Red Flannel In Whitechapel

Allie Marini Batts

 

Rachel's first trip to England didn't go as planned. No one had thought to tell her about the difference in voltage, so the first thing that she did after checking into the residence hall in South Kensington was to simultaneously burn her hair and short out her flat iron. It was not a promising start to the semester abroad. The smell of ozone and singed hair would be what she associated with central London, rather than the remainder of her 3-week study course. Those smells were redolent of failure and isolation. Her first trip off-campus involved an unplanned-for haircut and the procurement of an adaptor. Right from the start, the trip was expensive and made her feel like an ugly American, who hadn’t even put enough thought into her trip to realize that the electricity flowed differently, like everything else about the city, the culture and the schools. The course she’d chosen, The Reading and Writing of Short Stories, was exactly the same as any course she could have taken back at Western Michigan; the only difference is that she would be in England. And for Rachel, being somewhere that wasn’t Michigan sounded like something that was important.


She’d had the idea of writing a collection of short stories about Jack the Ripper since high school; it was something that she’d toyed with throughout her undergraduate work in the English program at University of Michigan. Every creative writing class that she took created what she only semi-jokingly referred to as “workshop hell”. Her writing, though strong and well-researched, was decidedly lacking in authenticity, which she attributed to never having been further from home than Toledo, Ohio. It was also the deciding factor in her decision to finish up her bachelor’s degree in English instead of creative writing, finishing her undergraduate studies a semester ahead of time. She used that extra semester to go back home to Cedar Springs and work. She tired of the Red Flannel town quickly, and in a fit of what she now felt was ill-advised bravery, she applied to both the creative writing master’s program at Western Michigan and the AIFS Study Abroad program. She was accepted into both. Prior to her first fall semester at Western Michigan, she bought a plane ticket she couldn’t afford on a credit card that she didn’t like having, and went to England to explore Whitechapel and write short stories that she hoped would now be more authentic, because now she would be writing about somewhere that she’d actually been.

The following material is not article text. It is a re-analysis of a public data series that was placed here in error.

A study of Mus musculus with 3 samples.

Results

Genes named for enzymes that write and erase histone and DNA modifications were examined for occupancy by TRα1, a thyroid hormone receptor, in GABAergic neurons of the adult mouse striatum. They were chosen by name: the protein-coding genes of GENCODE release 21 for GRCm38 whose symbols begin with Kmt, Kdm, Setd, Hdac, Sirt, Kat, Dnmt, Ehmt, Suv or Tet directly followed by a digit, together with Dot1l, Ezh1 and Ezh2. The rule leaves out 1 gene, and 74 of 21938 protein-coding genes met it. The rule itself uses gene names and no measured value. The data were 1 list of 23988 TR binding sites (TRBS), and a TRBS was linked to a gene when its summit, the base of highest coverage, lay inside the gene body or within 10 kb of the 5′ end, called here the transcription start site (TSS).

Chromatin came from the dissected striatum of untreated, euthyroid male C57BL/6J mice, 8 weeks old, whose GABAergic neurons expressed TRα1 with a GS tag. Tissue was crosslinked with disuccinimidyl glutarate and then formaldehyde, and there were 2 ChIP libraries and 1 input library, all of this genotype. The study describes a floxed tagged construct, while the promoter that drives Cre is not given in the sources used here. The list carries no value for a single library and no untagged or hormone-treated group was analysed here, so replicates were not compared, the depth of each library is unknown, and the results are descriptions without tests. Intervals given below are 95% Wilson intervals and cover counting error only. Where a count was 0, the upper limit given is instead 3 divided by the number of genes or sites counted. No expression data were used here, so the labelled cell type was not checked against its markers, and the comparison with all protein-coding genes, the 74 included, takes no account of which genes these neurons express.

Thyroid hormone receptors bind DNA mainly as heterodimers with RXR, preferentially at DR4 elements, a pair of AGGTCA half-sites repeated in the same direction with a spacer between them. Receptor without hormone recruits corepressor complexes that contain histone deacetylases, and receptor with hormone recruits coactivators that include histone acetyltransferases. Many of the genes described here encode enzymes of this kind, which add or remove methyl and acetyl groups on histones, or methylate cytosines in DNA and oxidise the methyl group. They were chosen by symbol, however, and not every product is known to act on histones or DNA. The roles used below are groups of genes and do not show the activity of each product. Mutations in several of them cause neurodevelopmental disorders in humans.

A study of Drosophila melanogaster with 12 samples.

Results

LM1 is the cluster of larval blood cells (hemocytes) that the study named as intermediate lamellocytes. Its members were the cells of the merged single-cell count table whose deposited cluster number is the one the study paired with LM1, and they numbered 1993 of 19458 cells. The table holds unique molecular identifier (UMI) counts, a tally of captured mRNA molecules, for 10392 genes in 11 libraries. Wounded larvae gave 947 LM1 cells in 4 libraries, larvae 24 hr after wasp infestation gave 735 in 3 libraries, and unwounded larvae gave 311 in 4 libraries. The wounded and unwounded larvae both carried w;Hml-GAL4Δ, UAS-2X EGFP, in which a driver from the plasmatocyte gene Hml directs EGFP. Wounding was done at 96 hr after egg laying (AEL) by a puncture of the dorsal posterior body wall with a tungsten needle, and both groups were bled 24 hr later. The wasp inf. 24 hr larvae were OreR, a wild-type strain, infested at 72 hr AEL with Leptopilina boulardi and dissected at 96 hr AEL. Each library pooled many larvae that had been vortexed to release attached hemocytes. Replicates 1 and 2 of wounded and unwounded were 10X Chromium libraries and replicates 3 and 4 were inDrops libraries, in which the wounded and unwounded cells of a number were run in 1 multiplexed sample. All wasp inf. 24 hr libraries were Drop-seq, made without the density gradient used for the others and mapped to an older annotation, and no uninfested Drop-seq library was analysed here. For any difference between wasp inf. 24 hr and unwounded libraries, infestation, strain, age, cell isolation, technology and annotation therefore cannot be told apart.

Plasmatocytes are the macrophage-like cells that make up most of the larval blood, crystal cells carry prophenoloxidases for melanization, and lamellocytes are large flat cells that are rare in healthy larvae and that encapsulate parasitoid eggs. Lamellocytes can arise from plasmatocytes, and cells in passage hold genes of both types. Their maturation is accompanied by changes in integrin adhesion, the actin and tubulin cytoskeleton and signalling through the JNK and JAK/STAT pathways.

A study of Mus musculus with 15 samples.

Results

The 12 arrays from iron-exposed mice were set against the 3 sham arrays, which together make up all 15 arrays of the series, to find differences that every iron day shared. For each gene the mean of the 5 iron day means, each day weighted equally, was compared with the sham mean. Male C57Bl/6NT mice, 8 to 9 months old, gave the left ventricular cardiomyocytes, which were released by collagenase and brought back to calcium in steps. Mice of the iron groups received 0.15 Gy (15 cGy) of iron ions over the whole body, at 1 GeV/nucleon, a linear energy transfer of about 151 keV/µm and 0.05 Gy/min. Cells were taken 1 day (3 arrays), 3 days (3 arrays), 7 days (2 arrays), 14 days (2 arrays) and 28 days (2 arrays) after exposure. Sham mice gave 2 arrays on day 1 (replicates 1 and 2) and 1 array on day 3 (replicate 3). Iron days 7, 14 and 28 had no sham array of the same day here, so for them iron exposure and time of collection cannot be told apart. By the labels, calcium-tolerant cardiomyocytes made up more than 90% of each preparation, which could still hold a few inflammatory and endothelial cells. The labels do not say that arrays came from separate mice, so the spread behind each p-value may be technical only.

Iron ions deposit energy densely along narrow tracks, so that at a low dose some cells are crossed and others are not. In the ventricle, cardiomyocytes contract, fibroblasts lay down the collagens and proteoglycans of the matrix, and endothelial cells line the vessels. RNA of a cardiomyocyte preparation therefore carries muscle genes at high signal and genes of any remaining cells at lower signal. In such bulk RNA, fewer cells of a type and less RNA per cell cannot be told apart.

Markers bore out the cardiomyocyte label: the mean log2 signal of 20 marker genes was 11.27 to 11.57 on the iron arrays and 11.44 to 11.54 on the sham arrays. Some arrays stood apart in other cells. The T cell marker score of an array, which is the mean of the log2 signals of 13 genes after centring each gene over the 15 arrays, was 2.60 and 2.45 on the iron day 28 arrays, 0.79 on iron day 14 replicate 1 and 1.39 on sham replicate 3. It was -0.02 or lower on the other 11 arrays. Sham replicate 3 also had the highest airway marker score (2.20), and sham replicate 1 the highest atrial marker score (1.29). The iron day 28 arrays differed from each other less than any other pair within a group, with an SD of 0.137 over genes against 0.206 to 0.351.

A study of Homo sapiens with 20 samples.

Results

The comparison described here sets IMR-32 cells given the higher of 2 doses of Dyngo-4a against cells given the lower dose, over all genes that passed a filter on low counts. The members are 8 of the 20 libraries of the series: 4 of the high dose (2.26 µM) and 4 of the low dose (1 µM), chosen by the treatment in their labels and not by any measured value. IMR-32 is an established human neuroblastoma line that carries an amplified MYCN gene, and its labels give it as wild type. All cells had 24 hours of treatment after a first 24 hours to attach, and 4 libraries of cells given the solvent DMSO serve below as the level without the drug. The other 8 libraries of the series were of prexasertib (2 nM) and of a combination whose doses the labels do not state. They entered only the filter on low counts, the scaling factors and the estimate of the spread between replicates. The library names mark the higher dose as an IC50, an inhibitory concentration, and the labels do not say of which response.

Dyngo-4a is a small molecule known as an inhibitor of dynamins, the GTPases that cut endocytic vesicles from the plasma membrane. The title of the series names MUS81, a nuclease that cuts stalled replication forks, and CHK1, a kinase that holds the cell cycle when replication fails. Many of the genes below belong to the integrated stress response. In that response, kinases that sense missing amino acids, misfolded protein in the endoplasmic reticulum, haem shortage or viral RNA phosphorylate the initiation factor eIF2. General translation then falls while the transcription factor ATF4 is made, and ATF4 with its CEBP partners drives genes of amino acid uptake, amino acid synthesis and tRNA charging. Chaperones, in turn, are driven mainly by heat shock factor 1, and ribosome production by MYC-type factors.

Armed with her historical notes, a map, a black-speckled composition notebook and an Oyster card, Rachel set out to discover the squalid "Dickensian" London she’d been morbidly fascinated by for most of her admittedly short adult life. She had hoped that seeing Dorset Street first-hand would help her capture the filth, the danger and the suffering of the branching warrens of narrow, dark streets in a past that seemed part fiction and part mythological beast. She hoped that the streets themselves would transmit the stories of endemic poverty and the desperation of the women of the abyss who had bled out and become symbolic of real monsters, lurking in the dark. What she found instead was a thriving art district, a hub of political activism, anarchist booksellers, punk shows, plates of curry, and a heretofore unknown affinity for tea over coffee. What she discovered, while looking for the authentic voice of the desolation of sub-standard housing and homelessness, the numb drunkenness and prostitution in a bygone era was a homesickness she hadn’t expected or planned for. The criminal rookery of the foulest and most dangerous streets of the metropolis was only to be found in historical texts and sepia tone daguerreotypes—what she found instead were the colorful characters of modern Whitechapel and its public art, the smell of sizzling onions on the air and a sleepy delta thrum and flickering lights on the Tube. She took notes and photos, developed a taste for aloo gobi, became addicted to the citric tang of bergamot in tea uncorrupted by milk or sugar, learned her way around London Underground and judiciously avoided the Texan roommate who made her presence known by bellowing out, “What stanks in hurr?” upon her arrival. Armed with an adaptor and a lithium-ion battery, Rachel spent her days in bookstores and Wi-Fi hot spots, crafting stories that were not about the Whitechapel she’d come to London to find, but instead, were about the red flannel shirts, snow that only looked soft and the stillness of the cedar trees she’d left behind in Michigan.


When she came home, everyone, even her mother, agreed that her new haircut made her look older and framed her face perfectly.